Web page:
France’s Loire River Valley (Valley of Kings)

France’s Loire River valley is home to stunning scenery and historic chateaux. Since the 11th century, French Kings and Nobles came to the scenic Loire Valley to hunt and relax

Flanking the longest river in France, the Loire Valley is often called the “Valley of Kings”. Since the 11th century, French kings and nobles came to the Loire Valley to hunt and relax. They built magnificent chateaux, more than 100 of which remain today.


Strolling along the Loire River and gazing at chateaux dating back to the Renaissance is like going back in time. Despite the ups and downs of history, the Loire still boasts a variety of chateaux in diverse styles. The Loire Valley is also one of France’s most famous wine regions, the river lined by lush vineyards. Every wine brand that originates in the Loire is associated with a chateau.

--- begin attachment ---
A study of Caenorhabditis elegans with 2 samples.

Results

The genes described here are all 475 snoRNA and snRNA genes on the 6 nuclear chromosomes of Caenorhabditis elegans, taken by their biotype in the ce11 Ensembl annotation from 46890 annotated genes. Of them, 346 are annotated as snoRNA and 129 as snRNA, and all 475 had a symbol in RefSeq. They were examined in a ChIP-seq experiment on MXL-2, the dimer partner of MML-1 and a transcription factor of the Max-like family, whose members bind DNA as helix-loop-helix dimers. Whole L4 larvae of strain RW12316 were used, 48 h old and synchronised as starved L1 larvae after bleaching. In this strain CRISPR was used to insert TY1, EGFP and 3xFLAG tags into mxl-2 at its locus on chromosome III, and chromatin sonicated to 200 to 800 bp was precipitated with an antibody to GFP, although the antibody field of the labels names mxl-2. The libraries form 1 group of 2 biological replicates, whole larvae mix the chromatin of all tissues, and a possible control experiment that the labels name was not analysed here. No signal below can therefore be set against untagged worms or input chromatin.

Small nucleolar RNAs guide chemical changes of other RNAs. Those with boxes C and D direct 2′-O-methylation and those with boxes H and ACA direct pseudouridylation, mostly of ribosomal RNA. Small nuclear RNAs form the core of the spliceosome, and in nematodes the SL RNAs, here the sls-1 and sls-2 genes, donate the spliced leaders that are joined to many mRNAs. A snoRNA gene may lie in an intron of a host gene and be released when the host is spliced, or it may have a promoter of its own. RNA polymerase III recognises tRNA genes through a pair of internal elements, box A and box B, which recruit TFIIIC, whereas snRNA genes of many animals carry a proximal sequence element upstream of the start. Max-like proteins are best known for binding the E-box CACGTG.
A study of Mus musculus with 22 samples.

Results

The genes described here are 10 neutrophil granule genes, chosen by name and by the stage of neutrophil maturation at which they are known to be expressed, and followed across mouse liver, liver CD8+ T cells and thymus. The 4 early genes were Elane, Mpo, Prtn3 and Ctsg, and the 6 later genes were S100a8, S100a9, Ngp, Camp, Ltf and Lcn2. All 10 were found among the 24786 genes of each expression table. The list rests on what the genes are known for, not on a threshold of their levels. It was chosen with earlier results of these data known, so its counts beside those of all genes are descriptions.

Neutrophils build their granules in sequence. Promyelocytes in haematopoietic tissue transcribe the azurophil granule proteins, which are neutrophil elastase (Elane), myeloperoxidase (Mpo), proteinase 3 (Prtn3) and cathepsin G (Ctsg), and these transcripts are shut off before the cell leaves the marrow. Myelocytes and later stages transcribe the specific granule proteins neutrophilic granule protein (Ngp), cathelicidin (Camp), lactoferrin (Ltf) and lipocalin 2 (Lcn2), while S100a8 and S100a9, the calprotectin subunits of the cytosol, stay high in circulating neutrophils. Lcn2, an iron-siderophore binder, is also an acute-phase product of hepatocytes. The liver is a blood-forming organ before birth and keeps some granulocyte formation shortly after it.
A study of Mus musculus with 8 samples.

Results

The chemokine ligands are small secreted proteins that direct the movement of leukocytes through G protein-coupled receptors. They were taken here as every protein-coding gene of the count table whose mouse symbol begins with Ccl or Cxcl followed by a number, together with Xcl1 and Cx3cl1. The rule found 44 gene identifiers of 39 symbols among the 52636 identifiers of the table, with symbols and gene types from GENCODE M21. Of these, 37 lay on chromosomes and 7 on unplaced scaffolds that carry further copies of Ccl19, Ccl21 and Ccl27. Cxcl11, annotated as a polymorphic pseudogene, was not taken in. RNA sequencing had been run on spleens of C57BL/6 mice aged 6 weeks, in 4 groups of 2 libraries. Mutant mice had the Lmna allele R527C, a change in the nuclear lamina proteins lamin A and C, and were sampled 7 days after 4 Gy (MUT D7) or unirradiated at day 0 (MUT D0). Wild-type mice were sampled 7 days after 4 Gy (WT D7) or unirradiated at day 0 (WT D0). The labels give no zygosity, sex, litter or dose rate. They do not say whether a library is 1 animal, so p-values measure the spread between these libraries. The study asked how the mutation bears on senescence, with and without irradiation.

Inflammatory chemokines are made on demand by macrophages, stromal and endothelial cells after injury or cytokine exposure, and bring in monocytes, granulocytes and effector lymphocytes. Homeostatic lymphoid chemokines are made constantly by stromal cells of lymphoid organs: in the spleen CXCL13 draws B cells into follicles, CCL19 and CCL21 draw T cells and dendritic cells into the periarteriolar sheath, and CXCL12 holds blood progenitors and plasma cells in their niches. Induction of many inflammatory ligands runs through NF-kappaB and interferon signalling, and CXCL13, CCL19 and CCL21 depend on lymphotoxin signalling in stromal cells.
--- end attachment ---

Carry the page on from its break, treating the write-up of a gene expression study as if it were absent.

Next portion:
Equally impressive is the Chateau de Chambord, built under the reign of King Francois I (1515 – 1547) and influenced by Renaissance architecture. Registered as a UNESCO World Heritage, Chambord measures 156m in length, 56m in height and boasts 440 rooms set in lush forests spanning 4,440 hectares. Home to various kings, Chambord houses a collection of invaluable artefacts that draw visitors from all over the world. Visitors flock here to admire the breathtaking gardens. In 1992 the first International Bonsai Festival took place at this chateau.


The chateau of Cheverny to the south of the Loire River has a collection of rare household items. Walls are draped in leather or decorated with old tapestries. Furnishings and ornaments are virtually intact, transporting visitors to the past.

The architectural diversity, historical value and cultural significance of these chateaux make the Loire Valley a marvelous destination.